Discussion on electric vehicles often seems to be polarized around two different worldviews. Advocates will point out they are the way of the future, a viable way to wean ourselves off oil, and with millions of miles driven in the hands of consumers already, a proven technology.
Detractors will assert they are an unworthy tax-payer subsidized experiment – as someone I know put it. Others cite manufacturers falling short of sales targets and the high expense and poor range of today’s EVs as reasons to doubt the technology’s longevity. In the case of the Chevrolet Volt, it has also become a political artifact – one which symbolizes the Detroit bail-out, and one which commentators often like to point out is struggling to gain traction.
The objective take on electric vehicles is a little harder to extrapolate. The “Charged: EV Symposium Silicon Valley 2012” presented by the Silicon Valley Leadership Group and hosted by SAP last month, helped to clarify the health of the industry, by bringing together leaders within the EV industry, and the broader EV industry ecosystem.
Here are the main takeaways about the state of the industry today and what can we expect going forward:
First things first. Are electric vehicles going to make it, or are they a bust? Over the course of the two-day conference, the truth seems to be that EVs have neither won the day just yet, nor lost the fight. Some things are working, some things are not, and some things need to be viewed in the context of changing consumer preferences and technological progress.
The first take away is that the long-term success or failure of the EV industry can neither be evaluated by looking at today’s monthly sales figures, nor by looking at quarterly profitability. We see a fixation at the moment on sales volumes of the Chevy Volt and Nissan LEAF – which though interesting, and perhaps the best market indicators we have to go on, are not particularly useful for evaluating future EV viability.
Rather, EVs should be acknowledged as a disruptive technology, where today’s EV drivers constitute the “early, early-adopters” according to Mike Calise of Schneider Electric. He believes “the game will be won or lost in the next 9 years”, starting last year. The industry is only now moving from the experimental stage to the innovation stage, so the time horizon for evaluating success or otherwise needs to be pushed out.
We also have to consider what is right measure of success? The right measure IS NOT a take over of the internal combustion engine (ICE) – it won’t happen. Rather, it’s a matter of application. The ICE will probably do some things better for some time to come, if not indefinitely, but the EV can complement the ICE as part of the overall vehicle mix. There’s room for both – even in the same vehicle – and no car maker is ignoring EV technology.
For example, the OEM manufacturers attending the symposium: BMW, Nissan, and Mercedes-Benz, are all invested in EV technology – BMW with its forthcoming “i” series sub-brand due in 2013, Nissan with its existing LEAF and Mercedes with its Smart EV brand.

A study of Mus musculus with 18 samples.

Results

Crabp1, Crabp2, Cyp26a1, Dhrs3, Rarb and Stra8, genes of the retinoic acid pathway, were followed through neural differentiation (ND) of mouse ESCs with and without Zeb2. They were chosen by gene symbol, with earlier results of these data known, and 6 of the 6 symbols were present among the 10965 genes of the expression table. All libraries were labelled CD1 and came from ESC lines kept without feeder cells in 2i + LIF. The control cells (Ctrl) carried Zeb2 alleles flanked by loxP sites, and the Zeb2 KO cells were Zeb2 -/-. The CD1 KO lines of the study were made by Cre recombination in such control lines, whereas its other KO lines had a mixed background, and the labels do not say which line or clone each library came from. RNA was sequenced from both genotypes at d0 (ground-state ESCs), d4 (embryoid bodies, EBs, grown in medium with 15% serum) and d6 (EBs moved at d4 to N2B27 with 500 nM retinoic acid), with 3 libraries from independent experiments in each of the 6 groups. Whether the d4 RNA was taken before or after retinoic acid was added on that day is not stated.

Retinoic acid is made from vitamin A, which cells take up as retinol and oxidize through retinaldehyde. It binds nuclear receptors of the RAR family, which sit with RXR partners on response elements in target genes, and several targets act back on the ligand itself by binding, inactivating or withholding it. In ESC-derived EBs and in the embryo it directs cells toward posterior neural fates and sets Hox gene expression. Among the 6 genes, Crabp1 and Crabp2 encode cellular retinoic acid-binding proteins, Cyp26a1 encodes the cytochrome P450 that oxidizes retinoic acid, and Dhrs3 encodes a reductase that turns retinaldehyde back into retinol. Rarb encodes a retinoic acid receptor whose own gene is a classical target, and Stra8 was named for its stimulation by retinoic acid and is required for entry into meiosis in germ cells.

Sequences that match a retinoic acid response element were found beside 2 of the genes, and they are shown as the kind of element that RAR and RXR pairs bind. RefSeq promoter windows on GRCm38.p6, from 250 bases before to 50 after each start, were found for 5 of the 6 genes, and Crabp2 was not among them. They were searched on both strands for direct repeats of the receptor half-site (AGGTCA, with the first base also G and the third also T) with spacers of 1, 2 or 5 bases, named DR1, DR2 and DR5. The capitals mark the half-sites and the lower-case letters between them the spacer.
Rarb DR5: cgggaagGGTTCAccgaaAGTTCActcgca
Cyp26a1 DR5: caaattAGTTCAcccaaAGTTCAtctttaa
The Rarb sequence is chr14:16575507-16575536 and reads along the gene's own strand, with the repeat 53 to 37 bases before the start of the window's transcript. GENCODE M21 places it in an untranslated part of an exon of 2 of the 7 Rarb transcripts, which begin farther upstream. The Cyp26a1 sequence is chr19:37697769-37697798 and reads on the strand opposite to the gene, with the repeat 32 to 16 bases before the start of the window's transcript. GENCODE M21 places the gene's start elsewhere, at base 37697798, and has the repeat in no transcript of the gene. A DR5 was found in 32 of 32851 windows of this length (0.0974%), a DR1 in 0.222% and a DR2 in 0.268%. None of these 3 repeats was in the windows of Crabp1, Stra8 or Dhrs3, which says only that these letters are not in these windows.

Yet each of these manufacturers are looking at a future where people will likely have a different relationship with their vehicles than they do today. A future where transportation will be increasingly networked, cloud-enabled, and connected to consumer mobile devices. This opens up the possibility of a shifting consumer preference away from vehicle ownership altogether, and towards on-demand availability; these OEMs are preparing for that eventuality.
For example, BMW and Mercedes are backing the hourly rental business models. BMW has just launched their EV based DriveNow product while Mercedes-Benz is experimenting with an app-based integrated multi-modal system in Stuttgart, Germany – involving rail and road.
This potential shift away from vehicle ownership prompted BMW’s Dirk Rossberg to assert, “BMW is not just interested in selling premium cars, but premium mobility services”. EVs can be part of that.
As such, the question is not just whether putting electric motors in cars is going to happen or not, but rather, how will people want to interact differently with vehicles in the future. In turn, what are the right vehicles for that future? Networked, vehicle-to-grid (V2G) connected electric vehicles lend themselves to this vision.
Still, this is a future state that is likely some years away. Today it must be acknowledged that the EV still has its “Achilles-heel.” The battery. There is no “Moores law” in battery technology, and it will never be as fast to charge a battery as it is to fill a tank with gasoline, according to IBM’s Dr Winifried Wilcke. Lithium-Air technology offers a theoretical jump in battery energy density in future – rendering range-anxiety irrelevant – but it remains only a theoretical possibility today.
And it seems impossible to deny that for the moment, mainstream consumers still want better range (whether they really need it or not) and cost is still a big deal. Schneider Electric’s Mike Calise points out the biggest car buying market consists of those people buying used cars for around $12K; a price point that EVs come nowhere close to today.
But as Joe Dooley from the Pew Clean Energy Program pointed out, 91% of Americans see our dependence on oil as a national security issue. And with the price of electricity more stable than oil, 9,600 public charging stations available in the USA and growing, and 2012 sales figures of EV’s already approaching total 2011 figures – there is undeniable traction in the market place.
If this is really a 9-year game and we’re only a year into it, there’s still plenty of time for this to play out. And while today the Chevy Volt comes nowhere close to selling in the volumes of Chevy’s own Cruze, if the panelists at the Charged EV Symposium are anything to go by, things are really only just getting started and an exciting future lies ahead.